Overview of attention for article published in Molecular Ecology, February 2013
Genomic patterns of introgression in rainbow and westslope cutthroat trout illuminated by overlapping paired-end RAD sequencing
Published in
Molecular Ecology, February 2013
DOI 10.1111/mec.12239
Pubmed ID
Authors

Paul A. Hohenlohe, Mitch D. Day, Stephen J. Amish, Michael R. Miller, Nick Kamps-Hughes, Matthew C. Boyer, Clint C. Muhlfeld, Fred W. Allendorf, Eric A. Johnson, Gordon Luikart

Abstract

Rapid and inexpensive methods for genomewide single nucleotide polymorphism (SNP) discovery and genotyping are urgently needed for population management and conservation. In hybridized populations, genomic techniques that can identify and genotype thousands of species-diagnostic markers would allow precise estimates of population- and individual-level admixture as well as identification of 'super invasive' alleles, which show elevated rates of introgression above the genomewide background (likely due to natural selection). Techniques like restriction-site-associated DNA (RAD) sequencing can discover and genotype large numbers of SNPs, but they have been limited by the length of continuous sequence data they produce with Illumina short-read sequencing. We present a novel approach, overlapping paired-end RAD sequencing, to generate RAD contigs of >300-400 bp. These contigs provide sufficient flanking sequence for design of high-throughput SNP genotyping arrays and strict filtering to identify duplicate paralogous loci. We applied this approach in five populations of native westslope cutthroat trout that previously showed varying (low) levels of admixture from introduced rainbow trout (RBT). We produced 77 141 RAD contigs and used these data to filter and genotype 3180 previously identified species-diagnostic SNP loci. Our population-level and individual-level estimates of admixture were generally consistent with previous microsatellite-based estimates from the same individuals. However, we observed slightly lower admixture estimates from genomewide markers, which might result from natural selection against certain genome regions, different genomic locations for microsatellites vs. RAD-derived SNPs and/or sampling error from the small number of microsatellite loci (n = 7). We also identified candidate adaptive super invasive alleles from RBT that had excessively high admixture proportions in hybridized cutthroat trout populations.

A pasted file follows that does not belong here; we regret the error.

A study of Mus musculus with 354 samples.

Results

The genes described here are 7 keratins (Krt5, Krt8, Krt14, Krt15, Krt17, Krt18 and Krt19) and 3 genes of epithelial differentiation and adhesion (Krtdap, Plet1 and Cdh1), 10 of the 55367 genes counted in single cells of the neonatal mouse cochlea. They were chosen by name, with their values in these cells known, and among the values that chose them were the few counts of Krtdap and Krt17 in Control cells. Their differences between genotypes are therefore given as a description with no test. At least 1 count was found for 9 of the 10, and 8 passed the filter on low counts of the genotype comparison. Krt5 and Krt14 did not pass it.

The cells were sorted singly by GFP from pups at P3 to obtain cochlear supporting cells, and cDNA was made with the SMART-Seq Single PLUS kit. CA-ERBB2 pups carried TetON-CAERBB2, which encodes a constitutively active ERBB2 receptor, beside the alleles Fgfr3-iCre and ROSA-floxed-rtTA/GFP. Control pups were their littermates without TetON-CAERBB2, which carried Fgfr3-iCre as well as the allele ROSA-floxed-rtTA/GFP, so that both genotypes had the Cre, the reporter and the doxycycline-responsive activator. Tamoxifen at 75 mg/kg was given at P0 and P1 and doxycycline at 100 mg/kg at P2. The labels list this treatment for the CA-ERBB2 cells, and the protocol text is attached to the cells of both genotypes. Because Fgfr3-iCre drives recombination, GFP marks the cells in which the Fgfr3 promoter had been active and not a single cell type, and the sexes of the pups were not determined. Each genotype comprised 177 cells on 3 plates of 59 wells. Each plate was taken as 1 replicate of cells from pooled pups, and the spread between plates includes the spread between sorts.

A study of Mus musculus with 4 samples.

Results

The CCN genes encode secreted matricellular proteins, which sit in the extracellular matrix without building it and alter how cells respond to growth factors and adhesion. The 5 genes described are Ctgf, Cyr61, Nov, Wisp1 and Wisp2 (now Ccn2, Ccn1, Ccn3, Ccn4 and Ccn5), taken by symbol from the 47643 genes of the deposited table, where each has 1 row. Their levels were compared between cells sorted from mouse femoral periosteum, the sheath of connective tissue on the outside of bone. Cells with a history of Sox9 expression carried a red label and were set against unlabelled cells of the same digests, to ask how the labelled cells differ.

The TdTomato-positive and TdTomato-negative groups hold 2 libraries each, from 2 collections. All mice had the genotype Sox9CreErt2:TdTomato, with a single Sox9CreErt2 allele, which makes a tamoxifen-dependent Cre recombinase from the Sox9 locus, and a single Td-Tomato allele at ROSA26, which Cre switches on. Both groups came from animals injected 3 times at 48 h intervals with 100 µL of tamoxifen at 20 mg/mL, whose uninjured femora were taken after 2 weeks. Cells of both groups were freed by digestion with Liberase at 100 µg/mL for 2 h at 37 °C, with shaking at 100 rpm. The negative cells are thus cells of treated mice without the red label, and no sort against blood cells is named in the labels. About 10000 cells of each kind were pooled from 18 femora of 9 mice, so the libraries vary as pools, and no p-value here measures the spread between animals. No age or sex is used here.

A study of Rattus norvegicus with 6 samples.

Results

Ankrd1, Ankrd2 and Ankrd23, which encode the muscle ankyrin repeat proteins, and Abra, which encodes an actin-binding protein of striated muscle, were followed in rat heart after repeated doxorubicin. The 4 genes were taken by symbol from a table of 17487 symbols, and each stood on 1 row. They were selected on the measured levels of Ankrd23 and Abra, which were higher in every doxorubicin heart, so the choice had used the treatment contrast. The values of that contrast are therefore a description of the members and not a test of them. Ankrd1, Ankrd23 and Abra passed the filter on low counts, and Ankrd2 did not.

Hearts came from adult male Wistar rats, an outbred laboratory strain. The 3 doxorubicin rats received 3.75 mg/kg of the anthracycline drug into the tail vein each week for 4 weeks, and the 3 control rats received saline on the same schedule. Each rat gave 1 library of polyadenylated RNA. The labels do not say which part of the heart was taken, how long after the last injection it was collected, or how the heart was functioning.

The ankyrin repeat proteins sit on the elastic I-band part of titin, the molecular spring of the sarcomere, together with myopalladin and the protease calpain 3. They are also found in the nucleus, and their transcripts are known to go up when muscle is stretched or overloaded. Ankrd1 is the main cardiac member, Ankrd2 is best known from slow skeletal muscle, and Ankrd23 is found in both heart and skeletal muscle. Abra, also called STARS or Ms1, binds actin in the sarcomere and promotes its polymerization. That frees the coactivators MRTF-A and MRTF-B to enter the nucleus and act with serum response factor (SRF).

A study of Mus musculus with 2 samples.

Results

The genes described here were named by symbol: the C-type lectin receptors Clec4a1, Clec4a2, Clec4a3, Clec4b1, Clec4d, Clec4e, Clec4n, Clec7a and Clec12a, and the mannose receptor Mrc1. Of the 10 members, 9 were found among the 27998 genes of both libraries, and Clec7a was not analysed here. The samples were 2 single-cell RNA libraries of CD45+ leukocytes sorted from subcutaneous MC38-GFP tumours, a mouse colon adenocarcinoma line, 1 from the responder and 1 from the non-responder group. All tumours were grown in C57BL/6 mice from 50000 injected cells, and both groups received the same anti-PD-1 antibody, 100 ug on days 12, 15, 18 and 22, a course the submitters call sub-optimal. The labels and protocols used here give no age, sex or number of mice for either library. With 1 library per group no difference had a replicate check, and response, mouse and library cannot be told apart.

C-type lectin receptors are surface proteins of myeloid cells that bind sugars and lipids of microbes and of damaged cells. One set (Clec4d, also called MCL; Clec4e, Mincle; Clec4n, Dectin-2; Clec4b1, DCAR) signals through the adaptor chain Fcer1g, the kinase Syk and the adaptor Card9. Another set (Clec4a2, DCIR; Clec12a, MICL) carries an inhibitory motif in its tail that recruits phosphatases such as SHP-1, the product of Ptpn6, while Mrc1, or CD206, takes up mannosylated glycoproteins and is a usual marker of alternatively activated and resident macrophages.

The data shown below were compiled from readership statistics for 392 Mendeley readers of this research output. Click here to see the associated Mendeley record.

Geographical breakdown

Country Count As %
United States 16 4%
Germany 3 <1%
Portugal 3 <1%
Chile 2 <1%
United Kingdom 2 <1%
Brazil 2 <1%
Netherlands 2 <1%
Czechia 1 <1%
France 1 <1%
Other 7 2%
Unknown 353 90%

Demographic breakdown

Readers by professional status Count As %
Student > Ph. D. Student 123 31%
Researcher 86 22%
Student > Master 62 16%
Professor > Associate Professor 26 7%
Student > Bachelor 18 5%
Other 77 20%
Readers by discipline Count As %
Agricultural and Biological Sciences 300 77%
Biochemistry, Genetics and Molecular Biology 38 10%
Environmental Science 25 6%
Unspecified 21 5%
Computer Science 3 <1%
Other 5 1%

Attention Score in Context

This research output has an Altmetric Attention Score of 2. This is our high-level measure of the quality and quantity of online attention that it has received. This Attention Score, as well as the ranking and number of research outputs shown below, was calculated when the research output was last mentioned on 08 July 2013.
All research outputs
#7,104,288
of 12,354,212 outputs
Outputs from Molecular Ecology
#3,225
of 4,162 outputs
Outputs of similar age
#67,730
of 143,835 outputs
Outputs of similar age from Molecular Ecology
#19
of 45 outputs
Altmetric has tracked 12,354,212 research outputs across all sources so far. This one is in the 40th percentile – i.e., 40% of other outputs scored the same or lower than it.
So far Altmetric has tracked 4,162 research outputs from this source. They typically receive more attention than average, with a mean Attention Score of 8.7. This one is in the 19th percentile – i.e., 19% of its peers scored the same or lower than it.
Older research outputs will score higher simply because they've had more time to accumulate mentions. To account for age we can compare this Altmetric Attention Score to the 143,835 tracked outputs that were published within six weeks on either side of this one in any source. This one has gotten more attention than average, scoring higher than 50% of its contemporaries.
We're also able to compare this research output to 45 others from the same source and published within six weeks on either side of this one. This one is in the 46th percentile – i.e., 46% of its contemporaries scored the same or lower than it.